But we also cannot presume the market will simply catapult higher from current levels. Although the major indexes rallied within range of 2% last week, all stalled on the upside in the vicinity of defined 10-Day Price Channels (see Table below) and toward downtrend lines stretching back to the early May Intermediate Cycle highs. It’s also important to note that since the early August lows, the major indexes have staged no less than five recovery rallies (with the sixth now threatening on the upside) with all failing to sustain themselves with upside follow-through. Those failures highlight the fact that sellers have remained somewhat more eager to exit the market while buyers have been unable to sustain their buying. But imagine beach sand dunes that are eventually overcome by the battering waves of the ocean, or a military action in which one force gradually, but assuredly, gains the upper hand. In market parlance, the forces of supply and demand will likely favor those on the demand side after "Oversold" conditions take hold.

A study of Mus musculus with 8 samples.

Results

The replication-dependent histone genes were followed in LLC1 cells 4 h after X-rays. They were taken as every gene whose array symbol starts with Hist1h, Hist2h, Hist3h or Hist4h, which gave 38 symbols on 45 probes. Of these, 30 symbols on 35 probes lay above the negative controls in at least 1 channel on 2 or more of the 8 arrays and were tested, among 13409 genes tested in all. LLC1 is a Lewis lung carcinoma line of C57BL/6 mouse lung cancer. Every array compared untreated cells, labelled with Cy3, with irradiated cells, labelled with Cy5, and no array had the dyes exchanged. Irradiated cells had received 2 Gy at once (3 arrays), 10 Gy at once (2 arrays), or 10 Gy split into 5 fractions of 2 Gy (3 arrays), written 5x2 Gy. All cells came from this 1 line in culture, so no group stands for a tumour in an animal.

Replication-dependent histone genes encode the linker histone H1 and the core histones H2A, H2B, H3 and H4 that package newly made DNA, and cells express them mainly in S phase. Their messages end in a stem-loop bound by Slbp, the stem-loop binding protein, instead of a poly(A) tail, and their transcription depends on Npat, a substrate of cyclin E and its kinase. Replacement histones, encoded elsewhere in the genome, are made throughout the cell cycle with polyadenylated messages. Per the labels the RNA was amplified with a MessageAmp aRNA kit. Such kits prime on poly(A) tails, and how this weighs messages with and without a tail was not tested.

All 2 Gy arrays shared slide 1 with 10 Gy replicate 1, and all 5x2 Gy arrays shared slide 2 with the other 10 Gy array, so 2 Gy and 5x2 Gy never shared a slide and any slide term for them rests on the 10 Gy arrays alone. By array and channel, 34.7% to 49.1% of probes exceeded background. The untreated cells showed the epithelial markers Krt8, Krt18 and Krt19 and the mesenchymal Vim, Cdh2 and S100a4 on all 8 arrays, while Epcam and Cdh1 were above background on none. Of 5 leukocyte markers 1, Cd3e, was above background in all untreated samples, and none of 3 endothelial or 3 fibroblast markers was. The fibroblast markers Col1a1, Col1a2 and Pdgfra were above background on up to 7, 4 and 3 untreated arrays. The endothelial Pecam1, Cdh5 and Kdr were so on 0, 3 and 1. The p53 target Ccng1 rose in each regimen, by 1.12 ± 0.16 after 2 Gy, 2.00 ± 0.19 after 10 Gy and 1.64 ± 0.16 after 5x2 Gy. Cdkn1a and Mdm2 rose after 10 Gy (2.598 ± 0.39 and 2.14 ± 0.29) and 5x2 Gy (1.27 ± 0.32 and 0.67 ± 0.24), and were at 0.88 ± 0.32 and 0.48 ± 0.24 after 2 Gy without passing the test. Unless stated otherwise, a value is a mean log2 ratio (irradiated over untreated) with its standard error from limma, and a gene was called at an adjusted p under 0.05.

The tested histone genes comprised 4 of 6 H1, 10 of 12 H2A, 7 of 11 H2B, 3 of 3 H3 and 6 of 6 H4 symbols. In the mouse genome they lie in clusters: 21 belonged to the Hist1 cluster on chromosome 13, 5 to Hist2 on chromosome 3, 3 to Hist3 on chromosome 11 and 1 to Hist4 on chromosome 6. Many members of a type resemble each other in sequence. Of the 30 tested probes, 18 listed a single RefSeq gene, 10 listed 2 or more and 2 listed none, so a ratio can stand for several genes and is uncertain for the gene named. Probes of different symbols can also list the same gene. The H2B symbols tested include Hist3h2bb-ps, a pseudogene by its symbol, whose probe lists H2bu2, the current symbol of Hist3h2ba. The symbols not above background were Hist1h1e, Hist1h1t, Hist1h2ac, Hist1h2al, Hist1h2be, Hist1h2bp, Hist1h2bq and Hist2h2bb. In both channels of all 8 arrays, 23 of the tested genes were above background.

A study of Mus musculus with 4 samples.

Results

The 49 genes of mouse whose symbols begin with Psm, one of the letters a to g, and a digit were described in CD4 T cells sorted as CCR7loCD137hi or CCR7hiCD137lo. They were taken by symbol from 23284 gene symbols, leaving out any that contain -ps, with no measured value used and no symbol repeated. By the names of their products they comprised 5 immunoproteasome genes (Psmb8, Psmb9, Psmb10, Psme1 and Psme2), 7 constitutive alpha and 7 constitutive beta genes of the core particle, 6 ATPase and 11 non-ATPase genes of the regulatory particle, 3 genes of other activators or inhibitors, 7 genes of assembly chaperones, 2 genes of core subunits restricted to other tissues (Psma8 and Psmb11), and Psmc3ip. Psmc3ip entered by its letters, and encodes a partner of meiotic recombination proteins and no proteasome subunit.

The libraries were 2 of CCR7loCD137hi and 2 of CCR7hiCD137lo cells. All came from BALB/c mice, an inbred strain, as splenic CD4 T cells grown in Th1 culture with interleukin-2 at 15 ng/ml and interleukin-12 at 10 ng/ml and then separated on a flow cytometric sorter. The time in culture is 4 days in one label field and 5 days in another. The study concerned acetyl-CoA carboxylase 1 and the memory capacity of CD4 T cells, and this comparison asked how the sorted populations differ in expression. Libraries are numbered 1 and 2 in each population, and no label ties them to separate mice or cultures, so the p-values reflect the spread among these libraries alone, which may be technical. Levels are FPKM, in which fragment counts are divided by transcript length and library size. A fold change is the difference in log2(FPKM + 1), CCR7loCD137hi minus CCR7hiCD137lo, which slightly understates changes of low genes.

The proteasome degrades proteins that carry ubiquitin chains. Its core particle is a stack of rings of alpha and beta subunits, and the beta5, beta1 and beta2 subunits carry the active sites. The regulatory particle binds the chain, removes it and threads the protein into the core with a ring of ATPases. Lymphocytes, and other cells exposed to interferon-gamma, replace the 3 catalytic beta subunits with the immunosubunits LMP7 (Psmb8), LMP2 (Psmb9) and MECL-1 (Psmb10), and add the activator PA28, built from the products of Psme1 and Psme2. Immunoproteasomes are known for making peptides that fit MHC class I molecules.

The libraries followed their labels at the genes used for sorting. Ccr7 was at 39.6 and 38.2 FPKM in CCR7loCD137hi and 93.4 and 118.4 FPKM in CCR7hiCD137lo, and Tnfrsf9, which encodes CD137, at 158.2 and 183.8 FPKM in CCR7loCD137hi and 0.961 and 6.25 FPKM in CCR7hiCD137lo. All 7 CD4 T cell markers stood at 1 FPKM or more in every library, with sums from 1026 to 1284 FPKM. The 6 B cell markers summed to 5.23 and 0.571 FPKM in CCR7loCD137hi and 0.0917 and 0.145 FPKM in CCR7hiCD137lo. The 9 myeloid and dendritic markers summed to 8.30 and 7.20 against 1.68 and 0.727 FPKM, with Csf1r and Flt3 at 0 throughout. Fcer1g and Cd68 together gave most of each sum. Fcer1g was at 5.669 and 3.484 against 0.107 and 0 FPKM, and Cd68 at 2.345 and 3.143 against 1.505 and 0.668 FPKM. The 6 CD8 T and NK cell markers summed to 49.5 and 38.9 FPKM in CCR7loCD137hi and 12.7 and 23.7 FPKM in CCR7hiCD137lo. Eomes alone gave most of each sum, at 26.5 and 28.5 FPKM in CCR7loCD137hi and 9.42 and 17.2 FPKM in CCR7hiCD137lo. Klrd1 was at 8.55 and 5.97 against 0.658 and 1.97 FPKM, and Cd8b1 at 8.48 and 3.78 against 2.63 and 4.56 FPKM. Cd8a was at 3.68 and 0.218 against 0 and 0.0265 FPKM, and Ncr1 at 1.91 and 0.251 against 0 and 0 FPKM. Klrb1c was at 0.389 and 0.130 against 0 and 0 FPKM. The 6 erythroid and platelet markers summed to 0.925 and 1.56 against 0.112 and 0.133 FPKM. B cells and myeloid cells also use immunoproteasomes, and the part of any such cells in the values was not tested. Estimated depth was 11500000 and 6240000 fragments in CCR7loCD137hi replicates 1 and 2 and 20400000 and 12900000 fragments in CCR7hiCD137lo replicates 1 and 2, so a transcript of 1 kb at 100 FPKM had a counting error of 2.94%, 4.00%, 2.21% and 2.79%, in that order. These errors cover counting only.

Daily S & P 500 Index with Cumulative Volume
Weekly S & P 500 Index with Cumulative Volume
While we will be able to confirm the point at which the trend shifts decidedly from Intermediate Cycle negative to positive, the next question will then become "how far will prices be able to carry?" In a best case bullish scenario, all of the losses since the May highs (1370.58—S&P 500) would be erased and the primary bull market begun in March 2009 would resume. Within that context, all of our key indicators would confirm such strength by also reversing and rallying to new highs. Or the market rallies to new highs, but our indicators fail to second that move.